5. From Potatoes to Poppadoms, 1843

There is a surprising honesty to this poster, from Dublin in 1843.

Most ‘modern’ recruitment and propaganda posters focus on the ‘see the world’ message: Make friends, learn new skills, visit incredible places. Evocative images than conjure up duty and desire for a better life.

This poster is more direct in its message. Join the army, and fight foreign people in a foreign land. It does not promise friendship, nor experience, nor riches (save for a potential pension). It looks dangerous, and does not ask much of the applicant, except for ‘abilities, enterprise and steady conduct’.

Except for a couple of wilty palm trees in the background, these chaps look to be having quite a miserable time. And that makes me wonder how bad things would need to be at home for the posters to encourage men to enlist.

In the 1840s, the most stable employment came from the Guinness brewery, Jameson Distillery, Jacob’s biscuit factory – and the Dublin United Tramway company. Despite this, Dublin, unlike Belfast, had not experienced the full effect of the industrial revolution, and as a result the number of unskilled unemployed was particularly high. It was also a particularly tense time politically, with the fierce agitation for repeal of the 1801 Act of the Union between Britain and Ireland.

As a young man in search of employment and purpose, perhaps this poster represented an opportunity for escape, as much as an opportunity to prosper. You can imagine a young man drinking in a dark, ancient pub, carefully weighing his options of unemployment at home or risk and opportunity abroad.

The East India Company wasn’t a new phenomenon – and had been operating since the 1600s. By the 1840s its private armies numbered in the tens of thousands. It controlled the majority of international trade. This is what Wikipedia has to say about it:

“In its first century and half, the EIC used a few hundred soldiers as guards. The great expansion came after 1750, when it had 3000 regular troops. By 1763, it had 26,000; by 1778, it had 67,000. It recruited largely Indian troops, and trained them along European lines.[28] The military arm of the East India Company quickly developed to become a private corporate armed force, and was used as an instrument of geo-political power and expansion, rather than its original purpose as a guard force, and became the most powerful military force in the Indian sub-continent.”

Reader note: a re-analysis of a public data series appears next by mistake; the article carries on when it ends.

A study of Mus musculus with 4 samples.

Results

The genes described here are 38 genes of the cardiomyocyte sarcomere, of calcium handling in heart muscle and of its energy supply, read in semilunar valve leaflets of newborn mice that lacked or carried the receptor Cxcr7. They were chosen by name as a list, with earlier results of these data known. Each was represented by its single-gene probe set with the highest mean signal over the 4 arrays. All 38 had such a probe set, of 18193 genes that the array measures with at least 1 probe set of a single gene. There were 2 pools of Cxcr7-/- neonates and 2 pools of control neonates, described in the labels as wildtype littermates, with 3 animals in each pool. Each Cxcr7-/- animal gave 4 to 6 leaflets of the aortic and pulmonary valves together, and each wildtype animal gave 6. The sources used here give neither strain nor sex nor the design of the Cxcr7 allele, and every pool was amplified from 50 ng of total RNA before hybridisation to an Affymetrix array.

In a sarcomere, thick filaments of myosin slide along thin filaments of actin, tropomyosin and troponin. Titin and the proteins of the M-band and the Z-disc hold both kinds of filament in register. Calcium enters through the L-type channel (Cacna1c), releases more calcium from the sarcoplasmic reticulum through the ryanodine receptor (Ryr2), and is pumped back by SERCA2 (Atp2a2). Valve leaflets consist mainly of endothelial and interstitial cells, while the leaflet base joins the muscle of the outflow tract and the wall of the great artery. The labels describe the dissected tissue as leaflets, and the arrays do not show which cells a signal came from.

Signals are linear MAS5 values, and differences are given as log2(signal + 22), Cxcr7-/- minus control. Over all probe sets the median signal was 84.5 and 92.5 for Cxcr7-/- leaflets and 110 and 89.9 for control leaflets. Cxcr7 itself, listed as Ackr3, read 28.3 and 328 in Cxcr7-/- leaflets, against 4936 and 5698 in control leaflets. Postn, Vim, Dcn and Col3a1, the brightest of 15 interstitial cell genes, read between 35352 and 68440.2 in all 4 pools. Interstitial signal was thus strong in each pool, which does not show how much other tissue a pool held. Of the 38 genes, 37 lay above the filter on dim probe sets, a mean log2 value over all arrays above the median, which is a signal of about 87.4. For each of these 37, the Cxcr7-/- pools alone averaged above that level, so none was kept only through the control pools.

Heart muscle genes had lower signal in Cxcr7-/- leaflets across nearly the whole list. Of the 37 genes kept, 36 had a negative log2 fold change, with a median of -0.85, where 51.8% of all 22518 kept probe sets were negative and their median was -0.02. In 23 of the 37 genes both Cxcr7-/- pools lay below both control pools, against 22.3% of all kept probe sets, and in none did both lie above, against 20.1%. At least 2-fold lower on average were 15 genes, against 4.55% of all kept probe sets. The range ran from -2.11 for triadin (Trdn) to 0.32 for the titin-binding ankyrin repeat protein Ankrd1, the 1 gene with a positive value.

This poster is very likely the one that 22 year old Robert Mcmorran, born in Dublin 1824, saw posted in his local. Records show that Robert left Dublin to sail to India via Glasgow on the 27 April 1843 on the Duke of Cornwall. At the time, Robert was a Moulder – he made moulds for castings, brick making etc. Robert’s entry to India is recorded in the Madras Army Muster Rolls Corps of Artillery Horse Brigade Madras. His timing was fortunate – in 1845 the Great Irish Potato famine began, lasting another five years, and leading to the deaths of 1 million people.

potato-blight

Thank you, BBC, for this blighty potato

Robert stayed in India for the rest of his life. His son, Charles Walter McMorran was born in 1857 in India to Rebecca Carroll, age 27, when Robert McMorran was 33. It would be two generations before the family returned back to Britain.

Robert’s son Charles was a conductor with Indian Railways. A Conductor was defined as “The higher of the two appointments within the Warrant Officer rank in the EIC/Indian Army, the lower being that of Sub-Conductor . Conductors and Sub Conductors worked mainly in the Ordnance, Commissariat and Public Works Departments. Conductors were eligible for promotion to the higher grade of Departmental Officer.”

 

077-jpg

We have no photos of Robert, but we do have some information on his children and grandchildren. Cyril – the happy chap on the right in the above photo – also became a railway man.

For more about about Cyril McMillan read this blog post on Nana Mac’s Pocket Watch.